A new survey among likely voters in Minnesota finds broad and deep support for medical aid in dying. In principle, Minnesotans believe medical aid in dying should be a legal option for terminally ill individuals by a margin of 53 points, 73 percent – 20 percent, including 55 percent who strongly believe so.1
A similar share of the electorate – 73 percent (49 percent strongly) – supports legislation that would make that option available for people who are over the age of 18, terminally ill and deemed mentally capable by medical experts.
Figure 1: Support for Medical Aid in Dying Legislation by Subgroup
As you may know, the Minnesota legislature recently considered legislation related to how to treat people with terminal illnesses. This legislation will allow people with less than six months to live to request medication form their doctor that they decide to take to shorten the dying process. People would have to meet certain criteria, including being a Minnesota resident, having a terminal illness with less than six months to live, be age 18 or over and be mentally capable. Do you support or oppose this legislation that would authorize medical aid in dying?
1 Greenberg Quinlan Rosner Research conducted a survey of 509 likely 2016 general election voters in Minnesota from August 29 – September 1, 2016. The survey had a margin of error of +/- 4.3 percent.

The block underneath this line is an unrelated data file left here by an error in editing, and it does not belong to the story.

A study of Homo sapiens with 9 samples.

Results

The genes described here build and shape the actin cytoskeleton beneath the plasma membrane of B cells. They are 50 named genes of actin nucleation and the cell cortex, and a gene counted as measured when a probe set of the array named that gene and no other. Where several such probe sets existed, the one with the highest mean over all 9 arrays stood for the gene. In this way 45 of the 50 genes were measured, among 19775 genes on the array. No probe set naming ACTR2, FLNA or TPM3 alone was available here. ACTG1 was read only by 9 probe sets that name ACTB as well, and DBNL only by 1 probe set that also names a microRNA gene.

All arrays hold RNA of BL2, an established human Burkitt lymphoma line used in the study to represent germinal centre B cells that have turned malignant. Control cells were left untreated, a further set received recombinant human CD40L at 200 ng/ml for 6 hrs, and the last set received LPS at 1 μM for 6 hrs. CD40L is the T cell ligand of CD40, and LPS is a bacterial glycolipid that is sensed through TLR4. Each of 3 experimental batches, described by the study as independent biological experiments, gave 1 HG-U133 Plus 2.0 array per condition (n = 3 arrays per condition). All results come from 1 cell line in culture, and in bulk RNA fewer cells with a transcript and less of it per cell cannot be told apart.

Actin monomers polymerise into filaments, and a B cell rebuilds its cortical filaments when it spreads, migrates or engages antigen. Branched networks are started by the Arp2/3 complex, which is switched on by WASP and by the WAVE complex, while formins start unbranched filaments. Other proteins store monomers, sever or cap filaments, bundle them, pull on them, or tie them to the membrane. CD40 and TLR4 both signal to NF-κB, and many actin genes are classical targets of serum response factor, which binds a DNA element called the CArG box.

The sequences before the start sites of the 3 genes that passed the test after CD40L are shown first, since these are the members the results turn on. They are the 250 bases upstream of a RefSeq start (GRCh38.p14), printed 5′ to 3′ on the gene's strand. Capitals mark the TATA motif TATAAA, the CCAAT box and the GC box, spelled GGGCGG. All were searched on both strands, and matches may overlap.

The breadth of the support for this legislation is striking. There is bi-partisan support for this legislation and support across generations, geography and religious faiths.
Finally, the survey also found that 61 percent of voters would be more likely to support a candidate who supports legislation providing a legal option for medical aid in dying while just 21 percent would oppose a candidate who does. Much like support for a legal option itself, support for candidates with this position extends across demographic, religious and partisan lines.
Figure 2: Support or Opposition for a Candidate who Supports Medical Aid in Dying
And thinking about the election in November, would you be more or less likely to support a candidate for the Minnesota legislature who supports legislation that will allow people with less than six months to live to request medical aid in dying from their personal doctor?
Other Key Findings
- Support for medical aid in dying stretches across partisanship. Legislation making the option available earns the support of 87 percent of Democrats, 76 percent of independents and 53 percent of Republicans.
- Majority support for medical aid in dying exists in each region of the state. A legal option for medical aid in dying earns 74 percent support in the Minneapolis and St. Paul metropolitan area and 72 percent support in Greater Minnesota.
- Candidates who support the medical aid in dying legislation can win over independents by running on this issue; 61 percent of independents say they are more likely to vote for a candidate who supports medical aid in dying legislation.
- A majority of Minnesota Catholics (71 percent) support medical aid in dying, despite opposition from the Catholic Church and other allied organizations.
- A majority of people who have cared for terminally ill individuals (70 percent) and of people who have someone in their household who has a disability (77 percent) support medical aid in dying.